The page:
Neimporio or Nimprio, Kapsala, Polypotamos
Neimporio
, or Nimprio as it was more commonly referred to on maps, is one of the small coastal settlements of Styra, located on the borders of the Municipalities of Styra and Marmari. Its name comes from the amalgamation of the words «neo» and «emporeio». During the Byzantine period, emporeio referred to the «skala», the port where the transportation of produce took place. The coast of Neimporio is magically enchanting.
The settlement of Kapsala is located on the road which connects Stira with Karista. Two other hamlets which belong to the Municipality of Styra are the Kangadaioi and Lefka.
The village of Polypotamos is located exactly in the centre of the most narrow section of Evia (6 km. wide). The roofs of the houses are covered in a type of tile which is abundant in the area. The settlement of Elaichoris belongs administratively to Polypotamos.

Almiropotamos
Almiroporamos
is the most northerly village of the Municipality of Styra, located close to the border with the Municipality of Dystion in an area of great interest. It has 500 residents and is set in a rocky hill-side in front of the valley which spreads out from the Dipotamo river. The coastal hamlet of Panayia belongs administratively to Almiropotamos, as does the islet of Kavallianis. Many commentators identify Kavallianis as the ancient Glaukoniso, in the soil of which the Olympic winner Glaukos, son of Dimilos, was buried by his fellow Karistians. The palaeontological survey in the valley of Almiropotamos has uncovered many important finds which belong to mammals of the so-called Picermius fauna. These are mainly the remains of small-bodied horses which were no higher than 1.30 metres tall and had three toes on each foot. According to specialists, Picermius fauna belongs to a steppe environment and has an Asian origin; it is dated to around 13 million years ago.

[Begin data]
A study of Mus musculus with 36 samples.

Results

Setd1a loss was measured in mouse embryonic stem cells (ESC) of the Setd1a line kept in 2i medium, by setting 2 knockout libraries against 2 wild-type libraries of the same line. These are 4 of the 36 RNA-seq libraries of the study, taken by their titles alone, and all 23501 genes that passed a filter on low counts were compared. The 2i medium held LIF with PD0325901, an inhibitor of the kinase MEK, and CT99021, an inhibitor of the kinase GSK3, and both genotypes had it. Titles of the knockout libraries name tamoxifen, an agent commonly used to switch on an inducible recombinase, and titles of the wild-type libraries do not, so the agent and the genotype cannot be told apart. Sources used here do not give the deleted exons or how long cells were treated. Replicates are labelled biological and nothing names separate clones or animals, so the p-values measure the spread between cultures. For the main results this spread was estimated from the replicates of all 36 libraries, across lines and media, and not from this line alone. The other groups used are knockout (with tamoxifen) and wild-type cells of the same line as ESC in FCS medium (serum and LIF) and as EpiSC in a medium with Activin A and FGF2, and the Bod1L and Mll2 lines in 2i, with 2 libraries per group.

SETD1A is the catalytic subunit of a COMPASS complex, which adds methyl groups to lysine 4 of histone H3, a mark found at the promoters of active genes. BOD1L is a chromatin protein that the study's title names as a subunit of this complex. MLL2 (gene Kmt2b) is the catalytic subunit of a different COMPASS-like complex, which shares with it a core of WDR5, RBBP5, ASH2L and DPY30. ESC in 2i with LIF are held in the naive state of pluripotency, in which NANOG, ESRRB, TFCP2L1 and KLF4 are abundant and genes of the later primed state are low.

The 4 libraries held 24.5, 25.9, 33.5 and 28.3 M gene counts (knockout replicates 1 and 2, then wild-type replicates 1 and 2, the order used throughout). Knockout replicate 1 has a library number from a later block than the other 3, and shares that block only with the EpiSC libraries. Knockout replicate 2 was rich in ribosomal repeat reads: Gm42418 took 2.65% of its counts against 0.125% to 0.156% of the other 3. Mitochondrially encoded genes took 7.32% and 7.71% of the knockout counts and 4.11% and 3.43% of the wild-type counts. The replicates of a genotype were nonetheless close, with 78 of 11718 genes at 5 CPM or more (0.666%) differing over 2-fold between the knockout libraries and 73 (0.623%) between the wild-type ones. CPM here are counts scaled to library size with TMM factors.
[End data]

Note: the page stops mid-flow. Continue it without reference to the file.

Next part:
Mesohoria
The 'mesohoria' of the Municipality of Styra took their name from one of the villages. These villages, aside from Mesohori itself, are Riza, Souristra, the Charitides, and Korfiotes, which is located on the height. Along with the hamlets of Raptaion and Tsakaion, they have a population of around 600. The villages are located around 3.5 km. from the Aegean Sea and have two exits onto the discharges of the small dry streams, where there are the bays of Almiriki (or Armirorichi) and Limnionas. During the German occupation, Greek and British members of the resistance escaped to the Middle East from these bays and that at Tsakaia. The bay of Limniona with its clean white sand has today developed into a summer resort. There is a stone fountain with a vaulted arch at Kamara. This village was known as Paleohori in Byzantine times. The hermitages of St. Dimitrios, St. Nicholas and St. George, with a vaulted arch in the sanctuary, are still standing. In the ravine there are the remains of a water-mill which was built in 1890. A trip to the ruins of the Monastery of the Evangelism of the Tsakaians, which today still functions as a monastery due to the presence of one nun, is worth a visit.